Erik Darling, the reedy-voiced guitarist and banjo player who deftly stepped in when Pete Seeger left the pioneering folk music group The Weavers, has died after battling lymphoma. He was 74.
He died Sunday in Chapel Hill, not far from Raleigh.
Darling was perhaps best known for his hit "Walk Right In" and for his arrangement of the iconic Southern true-crime ballad "Tom Dooley," which inspired The Kingston Trio’s recording of the song that topped the charts in 1958. He was a member of the Tarriers, known for its version of "The Banana Boat Song (Day-O)" — the signature tune of Harry Belafonte.
Darling also replaced Seeger in the Weavers in the late 1950s, a few years after the band was blacklisted for its political views.
Fred Hellerman, an original member of the group, said he learned of his friend’s death by e-mail earlier this week.
"He was immensely talented — immensely talented," Hellerman, 81, said Thursday in a telephone interview from his home in Weston, Conn. "When he came into the Weavers to replace Pete Seeger, which was a pretty tall order, he not only did that, but he brought so much of his own talents to bear that it was overwhelming. It really was."
Hellerman said Darling moved to Chapel Hill a couple of years ago to be near Willard Svanoe, a fellow member of The Rooftop Singers, the band with which he recorded "Walk Right In," a No. 1 hit for Vanguard Records in 1963.
In an e-mail posted on Darling’s Web site, Svanoe said Darling died early Aug. 3.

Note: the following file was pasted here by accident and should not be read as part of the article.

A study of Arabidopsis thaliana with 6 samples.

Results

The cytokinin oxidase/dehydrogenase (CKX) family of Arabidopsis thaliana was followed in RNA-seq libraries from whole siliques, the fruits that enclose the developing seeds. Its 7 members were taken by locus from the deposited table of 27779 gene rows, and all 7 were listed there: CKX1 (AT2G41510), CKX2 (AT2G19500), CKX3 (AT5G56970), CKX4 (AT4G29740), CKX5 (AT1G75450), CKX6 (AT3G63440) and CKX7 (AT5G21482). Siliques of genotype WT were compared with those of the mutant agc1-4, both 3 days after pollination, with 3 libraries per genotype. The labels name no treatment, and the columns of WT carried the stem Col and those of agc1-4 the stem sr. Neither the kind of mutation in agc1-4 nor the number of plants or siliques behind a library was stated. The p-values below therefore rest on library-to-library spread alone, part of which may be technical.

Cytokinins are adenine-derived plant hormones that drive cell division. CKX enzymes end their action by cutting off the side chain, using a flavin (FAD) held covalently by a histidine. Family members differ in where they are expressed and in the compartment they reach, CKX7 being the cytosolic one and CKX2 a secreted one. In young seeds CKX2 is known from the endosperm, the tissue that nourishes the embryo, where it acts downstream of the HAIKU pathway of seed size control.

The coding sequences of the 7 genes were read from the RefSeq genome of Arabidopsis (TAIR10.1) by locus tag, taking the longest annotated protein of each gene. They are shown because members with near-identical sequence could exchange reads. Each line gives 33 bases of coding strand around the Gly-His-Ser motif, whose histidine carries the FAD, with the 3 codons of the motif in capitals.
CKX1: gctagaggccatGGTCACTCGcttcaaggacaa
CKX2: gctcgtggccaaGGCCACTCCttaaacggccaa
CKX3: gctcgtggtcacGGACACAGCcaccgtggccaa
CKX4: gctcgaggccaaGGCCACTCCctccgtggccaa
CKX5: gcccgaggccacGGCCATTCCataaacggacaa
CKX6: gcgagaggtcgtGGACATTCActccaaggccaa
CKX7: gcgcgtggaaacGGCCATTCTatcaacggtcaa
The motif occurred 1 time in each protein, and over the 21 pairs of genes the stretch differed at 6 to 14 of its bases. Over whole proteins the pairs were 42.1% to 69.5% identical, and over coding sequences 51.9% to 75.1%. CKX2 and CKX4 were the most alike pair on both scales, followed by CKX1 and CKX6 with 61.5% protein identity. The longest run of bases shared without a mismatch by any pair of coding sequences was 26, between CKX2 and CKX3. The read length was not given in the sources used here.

The Weavers first burst on the scene in 1948 in Greenwich Village and had their first national hit in 1950 with "Goodnight Irene." But during the red scare of the 1950s, their politics came under scrutiny and the group was brought in to testify before the House Committee on Un-American Activities.
They soon found themselves blacklisted, and disbanded in 1953. It wasn’t until a Christmas 1955 concert at Carnegie Hall that they re-emerged to rejoin the national folk music revival they’d helped launch.
"He was an absolutely logical person to be brought in" after Seeger’s departure, Hellerman said. "Of the next generation of Weavers, I mean he was so outstanding that it was hard then or even now to imagine who else we could have brought in other than Erik."
Hellerman said he didn’t learn until many years later that Darling was uncomfortable with his band mates’ leftist leanings.
Hellerman said they last spoke about a year ago, but he had received a package from Darling in the mail a couple of weeks ago. It was a copy of Darling’s recently published memoir, "I’d Give My Life — A Journey by Folk Music." Hellerman said he couldn’t put it down.
Hellerman said he had been meaning to write to Darling and tell him how much he enjoyed the book.
"My big regret is that I didn’t get to do it," he said. "I did have the chance, but I didn’t take advantage of it."
Funeral arrangements were handled by the Cremation Society of the Carolinas in Raleigh.